To All the Boys I’ve Loved Before: an Honest Review


Photo by Charley Galley

Photo by Charley Galley

Sofia Benavides, Feature Editor


The film follows high school junior Lara Jean (Lana Condor) as she experiences her first love- heartthrob Peter Kavinsky (Noah Centineo). Isabella Pasino ‘20 says, “My favorite parts were when Peter and Lara Jean had their little moments: him taking her scrunchie and saying she looked pretty, taking selfies at the party, the love notes Peter wrote her, and of course the way they look at each other!”

But here’s where the controversy comes strolling in: If you know me at all, you probably know that I didn’t exactly love this movie. Is it just me? Well, after conducting a poll around the Rosary campus, I found that 88% of students who had seen the film loved it. So, yeah. Maybe it is just me.

But why did Royals love this movie so much? Well, as I mentioned before, it was mostly Peter Kavinsky. But many students had other reasons for loving what I thought was a more-than-cheesy rom-com.

Lolani Blas ‘21 says, “I loved it because it was pretty similar to the book. Also, the story is more than a cliche love story. There’s Asian-American representation, and the story contains themes about family too.”

Major props to Lolani for advocating for minority representation in film, but senior Rebekah Barnabas challenges this, saying, “They get an Asian actor but make her play the predictable, naive young girl. Like, come on. That’s like the Indian kid playing the robotics spelling bee kid. That’s not true diversity.” Regardless of varying opinions, the filmmakers did hire an Asian-American actor to play the part of Lara Jean, so kudos to them.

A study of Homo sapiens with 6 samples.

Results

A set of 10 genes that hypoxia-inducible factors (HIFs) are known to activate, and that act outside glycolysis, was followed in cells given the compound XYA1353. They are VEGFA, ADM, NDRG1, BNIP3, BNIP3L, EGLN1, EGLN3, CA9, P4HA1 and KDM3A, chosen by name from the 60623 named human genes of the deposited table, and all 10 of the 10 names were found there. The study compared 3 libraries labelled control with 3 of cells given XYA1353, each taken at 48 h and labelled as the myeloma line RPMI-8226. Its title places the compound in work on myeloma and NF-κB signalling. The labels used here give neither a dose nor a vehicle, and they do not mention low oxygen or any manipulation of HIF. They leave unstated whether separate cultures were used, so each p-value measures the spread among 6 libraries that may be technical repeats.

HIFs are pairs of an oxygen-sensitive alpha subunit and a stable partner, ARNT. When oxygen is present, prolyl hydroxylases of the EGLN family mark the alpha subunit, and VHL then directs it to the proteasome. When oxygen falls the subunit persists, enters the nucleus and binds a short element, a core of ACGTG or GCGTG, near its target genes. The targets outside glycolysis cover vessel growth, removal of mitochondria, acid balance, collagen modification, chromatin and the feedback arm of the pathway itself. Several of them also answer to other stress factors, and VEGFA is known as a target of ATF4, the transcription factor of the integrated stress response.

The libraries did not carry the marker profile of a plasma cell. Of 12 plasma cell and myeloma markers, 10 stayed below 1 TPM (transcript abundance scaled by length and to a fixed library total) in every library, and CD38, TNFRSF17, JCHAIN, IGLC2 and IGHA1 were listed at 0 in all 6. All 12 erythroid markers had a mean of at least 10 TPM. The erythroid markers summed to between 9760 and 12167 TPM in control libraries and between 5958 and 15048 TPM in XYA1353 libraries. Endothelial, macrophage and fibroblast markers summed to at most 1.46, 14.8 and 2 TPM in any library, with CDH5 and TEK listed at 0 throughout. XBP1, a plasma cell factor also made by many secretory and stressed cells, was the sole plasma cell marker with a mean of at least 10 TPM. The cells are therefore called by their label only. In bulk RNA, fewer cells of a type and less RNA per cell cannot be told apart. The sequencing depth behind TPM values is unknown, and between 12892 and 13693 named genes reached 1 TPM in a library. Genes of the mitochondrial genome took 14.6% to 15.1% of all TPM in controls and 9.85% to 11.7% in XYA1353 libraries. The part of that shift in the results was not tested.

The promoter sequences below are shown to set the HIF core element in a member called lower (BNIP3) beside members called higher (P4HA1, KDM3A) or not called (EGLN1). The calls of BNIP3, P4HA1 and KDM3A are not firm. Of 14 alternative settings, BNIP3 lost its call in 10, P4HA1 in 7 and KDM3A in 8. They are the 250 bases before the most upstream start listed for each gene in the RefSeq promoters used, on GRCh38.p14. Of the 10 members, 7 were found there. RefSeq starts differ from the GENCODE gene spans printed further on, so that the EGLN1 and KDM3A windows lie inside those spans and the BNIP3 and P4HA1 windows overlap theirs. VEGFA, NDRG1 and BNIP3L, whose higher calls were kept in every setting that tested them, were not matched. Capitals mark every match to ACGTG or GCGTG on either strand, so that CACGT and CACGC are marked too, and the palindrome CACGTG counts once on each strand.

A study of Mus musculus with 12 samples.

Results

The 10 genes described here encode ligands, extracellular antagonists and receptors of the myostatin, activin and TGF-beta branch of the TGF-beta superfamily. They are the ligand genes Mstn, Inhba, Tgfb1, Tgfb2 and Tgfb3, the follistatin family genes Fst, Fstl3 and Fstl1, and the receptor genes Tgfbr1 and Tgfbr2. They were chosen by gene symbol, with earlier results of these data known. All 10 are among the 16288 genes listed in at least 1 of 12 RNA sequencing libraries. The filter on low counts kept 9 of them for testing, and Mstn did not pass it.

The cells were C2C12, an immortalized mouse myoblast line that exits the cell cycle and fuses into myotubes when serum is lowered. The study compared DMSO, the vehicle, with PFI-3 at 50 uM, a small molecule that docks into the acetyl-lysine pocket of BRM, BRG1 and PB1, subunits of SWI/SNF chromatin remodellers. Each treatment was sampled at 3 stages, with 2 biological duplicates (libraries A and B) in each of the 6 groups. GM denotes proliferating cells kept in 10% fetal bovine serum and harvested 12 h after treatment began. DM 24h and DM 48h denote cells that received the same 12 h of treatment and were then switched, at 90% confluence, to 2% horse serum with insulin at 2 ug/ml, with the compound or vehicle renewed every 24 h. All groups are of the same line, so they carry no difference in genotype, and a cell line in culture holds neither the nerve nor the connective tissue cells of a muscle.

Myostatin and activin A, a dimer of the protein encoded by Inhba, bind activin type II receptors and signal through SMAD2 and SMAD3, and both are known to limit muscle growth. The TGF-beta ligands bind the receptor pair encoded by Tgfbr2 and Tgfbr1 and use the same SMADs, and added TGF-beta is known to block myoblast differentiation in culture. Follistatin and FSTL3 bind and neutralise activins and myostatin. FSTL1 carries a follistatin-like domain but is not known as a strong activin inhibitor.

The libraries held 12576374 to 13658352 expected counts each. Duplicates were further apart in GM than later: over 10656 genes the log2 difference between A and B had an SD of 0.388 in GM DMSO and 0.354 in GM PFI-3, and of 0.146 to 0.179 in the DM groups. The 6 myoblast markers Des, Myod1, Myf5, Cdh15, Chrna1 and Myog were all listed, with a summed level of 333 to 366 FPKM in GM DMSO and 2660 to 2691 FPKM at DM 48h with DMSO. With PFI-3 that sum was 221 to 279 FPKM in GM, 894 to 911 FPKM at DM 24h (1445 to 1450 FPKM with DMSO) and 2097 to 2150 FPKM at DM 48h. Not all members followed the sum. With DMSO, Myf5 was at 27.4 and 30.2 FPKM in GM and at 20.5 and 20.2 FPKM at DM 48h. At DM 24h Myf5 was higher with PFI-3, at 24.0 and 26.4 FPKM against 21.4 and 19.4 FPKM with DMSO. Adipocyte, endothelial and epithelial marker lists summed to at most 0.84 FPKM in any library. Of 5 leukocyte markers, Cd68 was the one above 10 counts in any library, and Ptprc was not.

Isabella Pasino also gave me some insight that I hadn’t otherwise realized. She’s taken some film classes in the past and notices when the cinematography of a movie is better than usual. She says, “The way the movie was edited made the story clear and easy to follow. The colors in places like Lara Jean’s room made the whole picture and whatever was going on in that scene interesting. Some shots were filmed in different angles (above, fishbowl lens, eye level, the floor) which gave the scene a different look and made me want to know what would happen next.”

So if this movie is so great, why did I dislike it so much? Well, I might be overthinking it a little- it wouldn’t be the first time. Personally, I didn’t find the acting very convincing, especially that of Lara Jean’s older sister, Margot. But this was hardly the actress’s fault- it was mostly her scripted dialogue. Recited aloud, it felt awkward, clunky, and unrealistic.

The movie was also dramatic in places it shouldn’t have been. Example? [WARNING: SPOILERS AHEAD] When we meet Lara Jean’s ex-best friend Genevieve, it’s a hackneyed slow-mo-hair-flip while she explains the details of the classic best-friend-but-then-popularity-became-a-thing-trope in relation to Gen. That’s a little too cliche for me.

Also, Lara Jean’s current best friend happens to be Gen’s cousin- coincidence? Yeah. Literally just a coincidence. It has nothing to do with the rest of the movie, and it seems like they kept doing this. Early in the film, Margot breaks up with her boyfriend because her late mother told her she should never go to college with a boyfriend. Sound important? Again, it’s not. They never mention it again in the movie.

Overall, I felt it was a little too disjointed, awkward, and cliche to be enjoyable. But, well. To each their own, right? Sophomore Marysol Cazarez sums the movie up pretty well: “It was so awkward and amazing at the same time…kinda how high school is in real life.”